I recently had to assist a friend who is hosting sites on an Ubuntu VPS; he found himself unable to connect to local MySQL instance as root.
Obviously, my first suggestion was to simply reset the password using the –skip-grant-tables trick that’s well documented elsewhere online. However, attempting to stop the MySQL instance using the command
/etc/init.d/mysql stop was not successful. So, after backing up the
/var/lib/mysql directory, I began to research the issue a bit further:
- Unable to use the init.d script to stop MySQL, I manually stopped the process:
- Started the MySQL daemon, ignoring the permissions/grant tables:
/usr/bin/mysqld_safe --skip-grant-tables &
- Reset the root user’s password:
UPDATE mysql.user SET Password=PASSWORD('new-password-here') WHERE User='root';
- Ran mysqlcheck to look for any corrupted tables (especially in the “mysql” database containing the accounts and permissions) and noticed that errors were being thrown in relation to the “information_schema” database:
- Attempted a repair of the “information_schema” database:
mysqlcheck --repair information_schema
- Ran mysqlcheck again against the “information_schema” database; errors were still produced by the same tables as before.
- Restarted mysqld and noticed errors being output in relation to the “debian-sys-maint” user.
This particular error was what helped to identify the root cause of the issue. The server had recently been updated using the apt-get tool and this had included an update to MySQL. Trawling the web unearthed a bug filed on the Ubuntu project bug tracker that suggested that the post-upgrade scripts had not been executed. There is a dedicated MySQL account that exists on a Debian-based system specifically for this (and other DB maintenance) tasks: debian-sys-maint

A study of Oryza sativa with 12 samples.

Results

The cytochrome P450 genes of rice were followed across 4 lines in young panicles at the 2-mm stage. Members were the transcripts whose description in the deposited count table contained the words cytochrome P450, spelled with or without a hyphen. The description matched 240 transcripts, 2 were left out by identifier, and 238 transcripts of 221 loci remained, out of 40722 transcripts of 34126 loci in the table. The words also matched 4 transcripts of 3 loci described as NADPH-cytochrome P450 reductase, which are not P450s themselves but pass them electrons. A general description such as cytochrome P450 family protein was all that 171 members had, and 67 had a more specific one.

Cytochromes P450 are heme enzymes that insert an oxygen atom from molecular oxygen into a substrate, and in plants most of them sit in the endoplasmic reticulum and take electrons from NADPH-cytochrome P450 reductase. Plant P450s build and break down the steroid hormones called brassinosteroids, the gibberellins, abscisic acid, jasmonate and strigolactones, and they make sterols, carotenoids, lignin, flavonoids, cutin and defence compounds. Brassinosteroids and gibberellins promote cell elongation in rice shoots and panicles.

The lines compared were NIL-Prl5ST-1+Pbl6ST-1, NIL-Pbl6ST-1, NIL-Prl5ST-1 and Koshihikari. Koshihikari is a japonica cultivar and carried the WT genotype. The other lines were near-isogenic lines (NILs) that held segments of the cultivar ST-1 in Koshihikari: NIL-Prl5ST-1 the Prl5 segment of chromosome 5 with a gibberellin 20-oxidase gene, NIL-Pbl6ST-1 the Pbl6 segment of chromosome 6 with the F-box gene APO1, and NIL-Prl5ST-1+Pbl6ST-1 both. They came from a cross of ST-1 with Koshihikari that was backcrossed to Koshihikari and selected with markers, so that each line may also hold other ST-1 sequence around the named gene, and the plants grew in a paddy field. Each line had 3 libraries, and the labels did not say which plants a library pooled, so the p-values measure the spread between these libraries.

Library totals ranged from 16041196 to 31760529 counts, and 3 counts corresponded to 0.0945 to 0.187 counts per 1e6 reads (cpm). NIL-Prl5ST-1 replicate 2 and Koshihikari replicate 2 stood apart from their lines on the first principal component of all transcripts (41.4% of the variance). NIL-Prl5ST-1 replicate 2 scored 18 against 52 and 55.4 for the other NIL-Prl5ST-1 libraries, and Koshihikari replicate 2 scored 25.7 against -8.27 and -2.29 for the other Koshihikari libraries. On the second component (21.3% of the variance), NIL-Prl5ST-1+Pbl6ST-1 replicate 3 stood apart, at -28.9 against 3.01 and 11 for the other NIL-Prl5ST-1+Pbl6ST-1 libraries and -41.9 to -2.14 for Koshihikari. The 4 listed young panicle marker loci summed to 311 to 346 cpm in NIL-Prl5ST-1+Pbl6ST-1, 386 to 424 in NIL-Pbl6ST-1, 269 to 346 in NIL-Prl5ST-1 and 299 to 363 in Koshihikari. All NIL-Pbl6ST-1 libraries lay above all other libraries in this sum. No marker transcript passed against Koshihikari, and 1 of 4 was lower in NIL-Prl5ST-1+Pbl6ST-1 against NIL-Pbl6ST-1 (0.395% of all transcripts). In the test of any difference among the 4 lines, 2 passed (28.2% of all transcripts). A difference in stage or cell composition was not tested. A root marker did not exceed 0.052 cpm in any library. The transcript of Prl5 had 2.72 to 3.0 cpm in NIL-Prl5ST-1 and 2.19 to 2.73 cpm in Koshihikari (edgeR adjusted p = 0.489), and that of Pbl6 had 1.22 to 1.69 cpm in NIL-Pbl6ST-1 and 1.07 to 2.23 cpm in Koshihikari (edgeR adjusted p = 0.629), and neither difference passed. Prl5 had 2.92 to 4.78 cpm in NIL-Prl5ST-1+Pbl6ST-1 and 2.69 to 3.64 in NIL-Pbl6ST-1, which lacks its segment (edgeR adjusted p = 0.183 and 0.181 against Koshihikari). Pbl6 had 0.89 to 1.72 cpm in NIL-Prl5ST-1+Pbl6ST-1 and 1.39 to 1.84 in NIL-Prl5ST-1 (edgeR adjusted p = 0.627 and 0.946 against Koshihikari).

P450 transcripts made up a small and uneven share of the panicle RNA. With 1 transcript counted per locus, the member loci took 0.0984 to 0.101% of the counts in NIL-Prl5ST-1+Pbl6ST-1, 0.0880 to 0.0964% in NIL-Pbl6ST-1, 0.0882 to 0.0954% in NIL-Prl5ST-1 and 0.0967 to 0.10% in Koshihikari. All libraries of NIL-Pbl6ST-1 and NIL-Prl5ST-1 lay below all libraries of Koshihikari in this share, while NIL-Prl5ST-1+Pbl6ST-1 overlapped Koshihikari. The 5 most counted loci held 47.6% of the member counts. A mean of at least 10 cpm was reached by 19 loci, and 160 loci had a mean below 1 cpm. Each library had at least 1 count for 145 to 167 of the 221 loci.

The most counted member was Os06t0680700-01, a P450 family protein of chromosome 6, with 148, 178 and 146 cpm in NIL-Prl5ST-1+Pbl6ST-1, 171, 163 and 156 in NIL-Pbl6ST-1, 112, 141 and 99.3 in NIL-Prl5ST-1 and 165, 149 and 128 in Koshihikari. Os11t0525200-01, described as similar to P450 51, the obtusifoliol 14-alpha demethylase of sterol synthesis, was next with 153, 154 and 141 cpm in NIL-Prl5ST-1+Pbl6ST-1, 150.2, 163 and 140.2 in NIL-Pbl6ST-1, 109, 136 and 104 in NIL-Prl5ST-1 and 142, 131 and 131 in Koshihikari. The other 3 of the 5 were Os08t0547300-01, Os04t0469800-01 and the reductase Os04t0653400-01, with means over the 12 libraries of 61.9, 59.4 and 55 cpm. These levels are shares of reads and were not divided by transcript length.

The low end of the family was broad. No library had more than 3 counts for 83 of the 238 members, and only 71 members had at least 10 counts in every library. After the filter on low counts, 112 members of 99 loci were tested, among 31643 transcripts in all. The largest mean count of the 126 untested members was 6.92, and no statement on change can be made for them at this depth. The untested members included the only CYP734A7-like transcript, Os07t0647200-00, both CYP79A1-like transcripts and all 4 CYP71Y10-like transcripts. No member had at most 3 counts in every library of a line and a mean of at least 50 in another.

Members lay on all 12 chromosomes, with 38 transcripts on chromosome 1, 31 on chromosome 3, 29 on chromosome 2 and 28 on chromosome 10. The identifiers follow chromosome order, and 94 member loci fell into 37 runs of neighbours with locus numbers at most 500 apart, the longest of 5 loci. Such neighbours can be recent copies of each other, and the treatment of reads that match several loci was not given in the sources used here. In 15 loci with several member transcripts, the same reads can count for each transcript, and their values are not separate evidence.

The credentials for this user can be found in the file
/etc/mysql/debian.cnf and should already be present in the MySQL database itself; allowing the system to perform maintenance tasks. Realising this user must be missing from the system, I set about recreating the user:
- Logged into MySQL as root and, using the credentials specified in
/etc/mysql/debian.cnf, created the “debian-sys-maint” user:
GRANT ALL ON *.* TO 'debian-sys-maint'@'localhost' IDENTIFIED BY '
- Now restarting MySQL generated different error messages:
Cannot proceed because system tables used by Event Scheduler were found damaged at server start
- Knowing that the MySQL package installed on the system had been upgraded recently (and judging by the number of people in similar situations), I forced the execution of the mysql upgrade scripts:
mysql_upgrade -u root -p --verbose --force
After these steps were carried out, restarting the MySQL instance occurred without any errors being produced as well as it being possible to authenticate to the system as “root”.